Advocates in Columbus push to change stigma surrounding children's mental health

COLUMBUS, GA (WTVM) - As National Children's Mental Health Awareness Week continues, experts in Columbus are inviting parents, teachers, caregivers and other professionals, to change the conversation when it comes to addressing childhood trauma.

Susan Gallagher with New Horizons Behavioral Health said all adults in the community have a role in helping children who experience trauma.

"Change the conversation with children that maybe have behavioral health issues or mental health issues," Gallagher said. "All of us can help our children that have faced trauma, and the question should be, 'What happened to you and how can I help you through it?'"

Gallagher said the issues most affecting children today include food insecurity, domestic violence, financial struggles, and even childhood sex trafficking.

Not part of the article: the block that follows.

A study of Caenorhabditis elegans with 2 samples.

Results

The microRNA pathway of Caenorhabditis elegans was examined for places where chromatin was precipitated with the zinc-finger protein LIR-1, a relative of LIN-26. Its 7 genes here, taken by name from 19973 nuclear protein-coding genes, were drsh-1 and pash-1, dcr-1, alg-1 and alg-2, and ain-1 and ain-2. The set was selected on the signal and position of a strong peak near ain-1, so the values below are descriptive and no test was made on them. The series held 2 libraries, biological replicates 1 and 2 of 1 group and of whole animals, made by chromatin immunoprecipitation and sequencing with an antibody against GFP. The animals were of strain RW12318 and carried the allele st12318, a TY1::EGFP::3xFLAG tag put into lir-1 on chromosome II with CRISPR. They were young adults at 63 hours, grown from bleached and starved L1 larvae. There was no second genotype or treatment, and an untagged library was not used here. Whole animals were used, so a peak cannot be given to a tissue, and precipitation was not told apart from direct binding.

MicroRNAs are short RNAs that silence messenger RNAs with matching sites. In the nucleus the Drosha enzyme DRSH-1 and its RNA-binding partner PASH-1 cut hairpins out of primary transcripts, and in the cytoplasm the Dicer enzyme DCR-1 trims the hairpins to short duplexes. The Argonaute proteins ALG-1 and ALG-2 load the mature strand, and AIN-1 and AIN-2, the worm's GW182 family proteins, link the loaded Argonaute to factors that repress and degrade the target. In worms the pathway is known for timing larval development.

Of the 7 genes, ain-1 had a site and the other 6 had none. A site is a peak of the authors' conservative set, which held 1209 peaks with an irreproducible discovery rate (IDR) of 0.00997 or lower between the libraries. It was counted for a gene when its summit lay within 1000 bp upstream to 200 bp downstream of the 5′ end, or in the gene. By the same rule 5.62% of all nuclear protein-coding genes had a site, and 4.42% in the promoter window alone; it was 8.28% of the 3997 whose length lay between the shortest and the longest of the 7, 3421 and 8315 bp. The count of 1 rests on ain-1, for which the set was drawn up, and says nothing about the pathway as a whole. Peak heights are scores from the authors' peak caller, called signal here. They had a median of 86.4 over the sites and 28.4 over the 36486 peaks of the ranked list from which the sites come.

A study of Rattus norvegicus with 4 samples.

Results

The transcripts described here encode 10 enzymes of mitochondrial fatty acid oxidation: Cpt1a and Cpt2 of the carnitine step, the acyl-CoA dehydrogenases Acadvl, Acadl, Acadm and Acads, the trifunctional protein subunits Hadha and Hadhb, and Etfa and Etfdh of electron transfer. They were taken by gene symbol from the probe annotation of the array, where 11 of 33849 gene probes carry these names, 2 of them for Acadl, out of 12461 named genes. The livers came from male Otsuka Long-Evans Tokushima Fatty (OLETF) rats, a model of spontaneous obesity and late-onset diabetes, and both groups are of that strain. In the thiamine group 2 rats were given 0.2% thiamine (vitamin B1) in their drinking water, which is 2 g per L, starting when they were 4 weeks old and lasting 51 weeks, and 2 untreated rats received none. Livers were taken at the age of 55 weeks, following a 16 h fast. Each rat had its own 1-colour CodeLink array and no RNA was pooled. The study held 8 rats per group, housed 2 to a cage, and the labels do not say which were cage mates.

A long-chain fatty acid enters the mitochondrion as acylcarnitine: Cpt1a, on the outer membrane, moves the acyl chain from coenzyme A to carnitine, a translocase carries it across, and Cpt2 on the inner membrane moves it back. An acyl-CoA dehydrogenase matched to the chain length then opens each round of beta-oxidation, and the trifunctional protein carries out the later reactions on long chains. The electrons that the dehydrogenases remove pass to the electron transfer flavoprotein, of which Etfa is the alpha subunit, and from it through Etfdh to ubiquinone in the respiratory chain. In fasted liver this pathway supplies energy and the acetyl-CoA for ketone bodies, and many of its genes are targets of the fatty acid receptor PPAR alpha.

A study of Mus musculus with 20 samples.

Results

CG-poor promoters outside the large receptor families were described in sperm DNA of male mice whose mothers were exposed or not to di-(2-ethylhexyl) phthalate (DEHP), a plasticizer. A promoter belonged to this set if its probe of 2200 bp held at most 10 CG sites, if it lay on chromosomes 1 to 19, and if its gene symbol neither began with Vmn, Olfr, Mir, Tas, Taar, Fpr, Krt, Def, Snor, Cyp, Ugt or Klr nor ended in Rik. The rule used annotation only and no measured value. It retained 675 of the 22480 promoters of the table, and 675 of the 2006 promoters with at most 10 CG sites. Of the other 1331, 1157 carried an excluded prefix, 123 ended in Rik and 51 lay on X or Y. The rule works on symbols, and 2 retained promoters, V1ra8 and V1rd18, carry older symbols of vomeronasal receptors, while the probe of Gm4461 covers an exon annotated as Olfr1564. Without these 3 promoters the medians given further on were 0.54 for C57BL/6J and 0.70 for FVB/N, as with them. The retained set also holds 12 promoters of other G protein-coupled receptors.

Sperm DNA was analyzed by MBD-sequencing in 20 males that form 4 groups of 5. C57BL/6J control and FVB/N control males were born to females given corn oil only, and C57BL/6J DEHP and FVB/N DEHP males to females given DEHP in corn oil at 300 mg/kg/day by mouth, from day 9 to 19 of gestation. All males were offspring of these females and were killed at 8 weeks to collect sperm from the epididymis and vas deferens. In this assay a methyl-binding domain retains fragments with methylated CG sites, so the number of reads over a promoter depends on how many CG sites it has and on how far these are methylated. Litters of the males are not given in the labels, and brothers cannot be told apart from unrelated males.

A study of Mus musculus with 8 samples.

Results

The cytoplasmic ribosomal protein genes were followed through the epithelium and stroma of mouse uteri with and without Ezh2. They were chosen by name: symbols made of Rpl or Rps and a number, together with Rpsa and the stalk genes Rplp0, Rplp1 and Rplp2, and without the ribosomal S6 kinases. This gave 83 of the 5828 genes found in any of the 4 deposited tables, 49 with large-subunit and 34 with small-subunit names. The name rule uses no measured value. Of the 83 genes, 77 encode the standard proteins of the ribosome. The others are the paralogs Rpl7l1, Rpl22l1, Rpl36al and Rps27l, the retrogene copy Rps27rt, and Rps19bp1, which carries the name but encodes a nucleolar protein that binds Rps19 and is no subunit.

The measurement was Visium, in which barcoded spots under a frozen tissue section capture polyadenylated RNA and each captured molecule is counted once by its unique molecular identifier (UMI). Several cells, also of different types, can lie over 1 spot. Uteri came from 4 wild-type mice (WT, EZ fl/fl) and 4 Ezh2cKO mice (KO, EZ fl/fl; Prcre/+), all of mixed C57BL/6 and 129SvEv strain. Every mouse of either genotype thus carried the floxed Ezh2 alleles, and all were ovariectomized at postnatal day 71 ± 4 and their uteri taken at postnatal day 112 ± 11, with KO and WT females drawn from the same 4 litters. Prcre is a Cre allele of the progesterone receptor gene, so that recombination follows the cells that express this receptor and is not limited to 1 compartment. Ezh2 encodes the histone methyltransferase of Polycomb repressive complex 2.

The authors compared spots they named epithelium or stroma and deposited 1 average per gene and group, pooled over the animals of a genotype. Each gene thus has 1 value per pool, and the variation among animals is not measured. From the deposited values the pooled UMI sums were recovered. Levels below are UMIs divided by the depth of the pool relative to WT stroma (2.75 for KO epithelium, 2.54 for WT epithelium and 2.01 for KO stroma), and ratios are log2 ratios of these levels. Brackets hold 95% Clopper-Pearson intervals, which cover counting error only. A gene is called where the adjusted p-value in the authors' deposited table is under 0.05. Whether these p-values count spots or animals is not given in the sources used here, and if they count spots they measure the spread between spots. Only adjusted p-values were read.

The Centers for Disease Control reported up to 20 percent of children in the U.S. suffer from a mental health disorder. Gallagher's concern is many of these children aren't getting the treatment they need because the subject of mental illness remains a taboo.

"Mental illness doesn't go away once May ends. It's always there, she said. "We need to keep the conversation going, reduce stigma, and get people the care and treatment they need."

Groups like New Horizon will lead the 2nd Annual Children's Mental Health Symposium happening in Columbus later this week.

The event, inside the Columbus Regional Library on Macon Road, starts this Friday. Around 80 mental health professionals will attend the event to talk about the latest research into how trauma affects children locally and state-wide.